January is Cervical Cancer Awareness Month. One group frequently gets left out of the messaging, transgender people on the masculine spectrum.
Apicha Community Health Center (CHC) knows that for many transgender masculine-spectrum guys, having a pelvic exam can be difficult, challenging, and traumatizing. In fact, the National Transgender Discrimination Survey found that 48% of transgender men reported postponing or completely avoiding preventative care out of fear of discrimination. The same report found that one in five trans* men refuse healthcare because doctors and other medical personal refer to them as the wrong gender.
Why Transgender People on the Masculine Spectrum Should Get Pelvic Exams
According to a report published by the World Health Organization (WHO), there is a “measurably higher risk of cervical, ovarian, and uterine cancer faced by transgender men who retain genitalia they were born with. Due to stigma and social exclusion, many do not regularly receive gynecological examinations and concomitant cervical and ovarian screenings.”
What Can You Do to Make the Exam More Comfortable?
To combat the barriers surrounding pelvic exams, Apicha CHC staff sat down with some of our transgender-masculine patients and their friends to figure out the best way to them more comfortable during a pelvic exam. We discussed the language that makes them the most comfortable and how we could make the procedure easier for them. Below is the list of what we learned.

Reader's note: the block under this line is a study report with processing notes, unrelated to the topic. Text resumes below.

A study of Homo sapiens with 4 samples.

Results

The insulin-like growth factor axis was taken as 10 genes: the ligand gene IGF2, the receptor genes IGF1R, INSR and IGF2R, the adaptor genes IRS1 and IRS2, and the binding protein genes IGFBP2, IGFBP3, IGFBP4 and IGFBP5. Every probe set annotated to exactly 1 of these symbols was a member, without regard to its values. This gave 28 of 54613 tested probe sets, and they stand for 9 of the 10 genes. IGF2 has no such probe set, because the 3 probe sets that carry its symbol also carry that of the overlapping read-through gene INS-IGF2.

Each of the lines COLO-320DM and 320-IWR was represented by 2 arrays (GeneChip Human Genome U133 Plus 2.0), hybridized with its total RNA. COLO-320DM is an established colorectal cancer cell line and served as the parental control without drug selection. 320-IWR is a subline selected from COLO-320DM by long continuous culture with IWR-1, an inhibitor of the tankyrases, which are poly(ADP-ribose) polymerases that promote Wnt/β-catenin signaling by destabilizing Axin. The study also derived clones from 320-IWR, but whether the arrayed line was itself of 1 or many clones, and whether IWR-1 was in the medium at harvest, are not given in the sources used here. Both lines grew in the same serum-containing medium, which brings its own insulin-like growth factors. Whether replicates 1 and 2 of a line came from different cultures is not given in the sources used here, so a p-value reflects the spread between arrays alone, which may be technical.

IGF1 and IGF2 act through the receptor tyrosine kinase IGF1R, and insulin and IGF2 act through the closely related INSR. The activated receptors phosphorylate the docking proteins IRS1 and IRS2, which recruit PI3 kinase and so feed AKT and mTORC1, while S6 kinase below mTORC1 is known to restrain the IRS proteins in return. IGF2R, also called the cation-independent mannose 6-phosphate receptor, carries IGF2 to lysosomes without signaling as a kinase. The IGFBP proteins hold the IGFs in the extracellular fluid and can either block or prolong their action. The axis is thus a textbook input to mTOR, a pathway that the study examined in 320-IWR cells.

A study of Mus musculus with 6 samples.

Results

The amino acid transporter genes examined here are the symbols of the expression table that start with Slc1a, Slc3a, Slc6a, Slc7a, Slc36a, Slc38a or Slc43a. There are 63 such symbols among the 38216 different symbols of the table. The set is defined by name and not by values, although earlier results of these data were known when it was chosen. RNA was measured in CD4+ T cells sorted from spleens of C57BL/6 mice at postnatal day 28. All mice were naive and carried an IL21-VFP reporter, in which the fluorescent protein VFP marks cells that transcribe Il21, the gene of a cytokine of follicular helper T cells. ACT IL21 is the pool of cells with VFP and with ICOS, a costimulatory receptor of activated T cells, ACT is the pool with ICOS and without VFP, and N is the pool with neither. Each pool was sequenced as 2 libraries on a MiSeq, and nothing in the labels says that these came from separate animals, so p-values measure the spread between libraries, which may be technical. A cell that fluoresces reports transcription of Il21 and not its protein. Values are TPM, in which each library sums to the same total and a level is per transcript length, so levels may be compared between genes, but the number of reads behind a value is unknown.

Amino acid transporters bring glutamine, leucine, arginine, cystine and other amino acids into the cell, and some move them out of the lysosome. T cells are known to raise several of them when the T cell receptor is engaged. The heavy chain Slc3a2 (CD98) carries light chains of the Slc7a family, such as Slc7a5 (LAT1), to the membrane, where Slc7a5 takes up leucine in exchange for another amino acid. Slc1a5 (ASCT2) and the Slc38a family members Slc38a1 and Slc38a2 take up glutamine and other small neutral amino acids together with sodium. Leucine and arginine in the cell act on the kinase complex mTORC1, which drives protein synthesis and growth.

– Tell your Primary Care Provider (PCP) what you want to call the parts of your body that are going to be examined
– Tell your PCP whether or not you want the process to be described while it happens
– Ask your PCP to show you the speculum or pictures of what happens during a pelvic exam prior to the actual exam
– The procedure can be done with you sitting in different positions. Discuss with your PCP which position is the most comfortable for you
– You can ask your PCP to divide the exam in two parts: Talk (questions) and Exam. You can have these parts on different visits. During the talk portion of the exam, you’ll talk with your PCP about your sexuality and the kind of sex you are having
– Discuss with your PCP whether taking a pill for anxiety can make the exam more comfortable
– Set a “safe word” with your PCP so any time you feel you need some space, you can say it and your PCP will know to stop what they are doing
– Ask your PCP to let you read a book, listen to music, or have a friend or partner in the room, if these are things you would like
To download this list and more information about Pelvic Exams, click here.
— This feed and its contents are the property of The Huffington Post, and use is subject to our terms. It may be used for personal consumption, but may not be distributed on a website.